Although the vast majority of organisations will have had analytics and reporting functions in place for some years now, it seems many are overlooking the strategy behind their digital data.
A recent report from McKinsey identified that many business leaders are struggling to turn data into value, and that the absence of an actionable data strategy is a part of this.
This is understandable. Data’s confusing, and it takes a special kind of person to really enjoy taking on the challenge of doing a deep-dive into it.
A special person like our own Liam Galliers, a web analytics consultant with a genuine enthusiasm for using data for good.
“I reckon only 20% of the clients I’ve worked with in the past think beyond just looking at their reports on a Monday morning or preparing quarterly briefings,” says Liam. ”At the other extreme, you’ve got those who are measuring everything, but feel they don’t know what to do with all this data".
“Strategy from a data perspective is simply about measuring the right things by asking the right questions,” says Liam. “like ‘What is the business trying to do?’ ‘What are the objectives?’ ‘What are the goals that will meet those objectives?’
“Every good business will obviously already have answers to these questions, and the data strategy bit starts with thinking about the next step, figuring out which data signals and metrics align to the answers.”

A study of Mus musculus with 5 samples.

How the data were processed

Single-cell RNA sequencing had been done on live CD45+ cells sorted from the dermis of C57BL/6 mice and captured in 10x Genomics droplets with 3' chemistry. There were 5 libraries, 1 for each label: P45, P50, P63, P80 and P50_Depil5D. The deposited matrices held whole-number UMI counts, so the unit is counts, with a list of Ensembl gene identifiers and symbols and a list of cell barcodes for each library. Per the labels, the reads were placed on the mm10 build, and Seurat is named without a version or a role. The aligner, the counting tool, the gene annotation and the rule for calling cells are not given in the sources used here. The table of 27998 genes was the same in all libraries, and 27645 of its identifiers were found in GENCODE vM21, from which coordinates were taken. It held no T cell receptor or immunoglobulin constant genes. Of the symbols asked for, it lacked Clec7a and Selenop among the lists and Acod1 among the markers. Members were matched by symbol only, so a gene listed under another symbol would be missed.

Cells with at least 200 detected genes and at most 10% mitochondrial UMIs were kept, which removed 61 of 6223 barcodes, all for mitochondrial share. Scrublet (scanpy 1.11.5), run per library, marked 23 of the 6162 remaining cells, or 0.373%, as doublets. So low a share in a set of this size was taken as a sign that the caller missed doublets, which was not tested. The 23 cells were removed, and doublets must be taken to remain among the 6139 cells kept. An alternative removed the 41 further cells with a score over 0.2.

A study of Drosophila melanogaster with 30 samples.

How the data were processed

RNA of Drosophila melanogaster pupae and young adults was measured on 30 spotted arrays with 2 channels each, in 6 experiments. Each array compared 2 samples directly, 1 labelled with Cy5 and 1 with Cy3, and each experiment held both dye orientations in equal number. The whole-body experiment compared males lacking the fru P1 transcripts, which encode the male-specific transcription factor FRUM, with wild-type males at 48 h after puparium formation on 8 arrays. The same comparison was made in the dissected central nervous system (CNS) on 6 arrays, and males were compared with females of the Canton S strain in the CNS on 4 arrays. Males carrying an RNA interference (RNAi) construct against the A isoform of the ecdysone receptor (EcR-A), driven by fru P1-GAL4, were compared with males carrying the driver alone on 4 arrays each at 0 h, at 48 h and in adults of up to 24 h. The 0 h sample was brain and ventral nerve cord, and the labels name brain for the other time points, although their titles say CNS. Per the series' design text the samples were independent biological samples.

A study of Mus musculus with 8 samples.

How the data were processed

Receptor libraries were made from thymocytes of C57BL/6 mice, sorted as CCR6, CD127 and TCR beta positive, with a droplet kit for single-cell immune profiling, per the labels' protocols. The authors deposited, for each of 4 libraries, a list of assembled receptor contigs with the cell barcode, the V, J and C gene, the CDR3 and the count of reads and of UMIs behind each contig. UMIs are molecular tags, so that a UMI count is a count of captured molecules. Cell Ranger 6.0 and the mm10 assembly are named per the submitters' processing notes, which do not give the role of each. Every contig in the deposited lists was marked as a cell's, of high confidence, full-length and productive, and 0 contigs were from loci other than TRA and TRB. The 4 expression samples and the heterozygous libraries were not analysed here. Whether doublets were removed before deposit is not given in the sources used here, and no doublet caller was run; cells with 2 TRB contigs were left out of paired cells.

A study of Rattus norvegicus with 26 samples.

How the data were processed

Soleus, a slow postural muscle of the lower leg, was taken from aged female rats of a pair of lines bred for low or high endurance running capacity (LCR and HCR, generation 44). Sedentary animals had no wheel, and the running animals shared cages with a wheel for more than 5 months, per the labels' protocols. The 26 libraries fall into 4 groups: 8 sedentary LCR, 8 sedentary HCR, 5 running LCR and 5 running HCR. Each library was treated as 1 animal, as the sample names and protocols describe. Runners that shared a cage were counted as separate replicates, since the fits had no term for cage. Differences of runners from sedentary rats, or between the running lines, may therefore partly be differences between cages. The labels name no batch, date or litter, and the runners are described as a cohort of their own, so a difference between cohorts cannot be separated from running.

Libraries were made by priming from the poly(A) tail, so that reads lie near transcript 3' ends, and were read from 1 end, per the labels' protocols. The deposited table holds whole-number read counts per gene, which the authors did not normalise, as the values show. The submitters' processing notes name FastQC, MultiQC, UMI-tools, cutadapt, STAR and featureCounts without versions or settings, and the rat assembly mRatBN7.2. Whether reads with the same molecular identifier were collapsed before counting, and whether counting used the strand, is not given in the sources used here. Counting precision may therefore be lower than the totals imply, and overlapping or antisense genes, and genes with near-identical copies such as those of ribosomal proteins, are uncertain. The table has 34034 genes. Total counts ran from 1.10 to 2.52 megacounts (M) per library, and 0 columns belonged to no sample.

For example, the business objective of Widgets inc is to grow revenue.
They think they will achieve this through their goal of creating a better customer experience than their competitors.
The metrics to measure this goal is conversion rate (percentage of users who buy something), and bounce rate (percentage of users who leave the site straight away).
Focusing on these metrics means that Widgets inc have made the speed of their website a priority for the next six months, as they know that bounce rates will drop if their site is faster and their conversion rate will increase.
The benefits of a digital data strategy
Aligning data to business visions and objectives pays dividends and ensures your digital channels reach their full potential.
Done right, adopting and championing a data strategy can have a huge impact - it can help you improve customer service, sales, break down internal silos or generate customer insights. And that translates as bigger profits. One CEO of a consumer-packaged-goods company told the McKinsey survey that advanced analytics had uncovered as much as $4Bn in benefits for their firm.
In Liam’s experience it’s the smaller companies with a real desire to make a digital transformation who are more likely to be thinking about data strategy and reaping the rewards. And patience is really important.
“It takes time as it’s not just about installing analytics and a few dashboards,” he says, “It’s about a culture shift which can take from a year to four, depending on how invested the business is in making the change”. “Not having a data strategy means that digital and the company are moving in different directions, like having two dogs on a lead each trying to pull away from each other,” says Liam.
“This is an ongoing inconvenience at best but at worst, these companies are running the risk of being “Amazoned” as other, more data-savvy businesses capitalise on knowing their customers better than they do, and are nimble enough to take advantage.”
What’s for sure is that, in a year many are seeing as one in which incumbents finally start to take on big tech, implementing a data strategy doesn’t seem like a bad place to start.
Want to know more? Read about our web analytics services.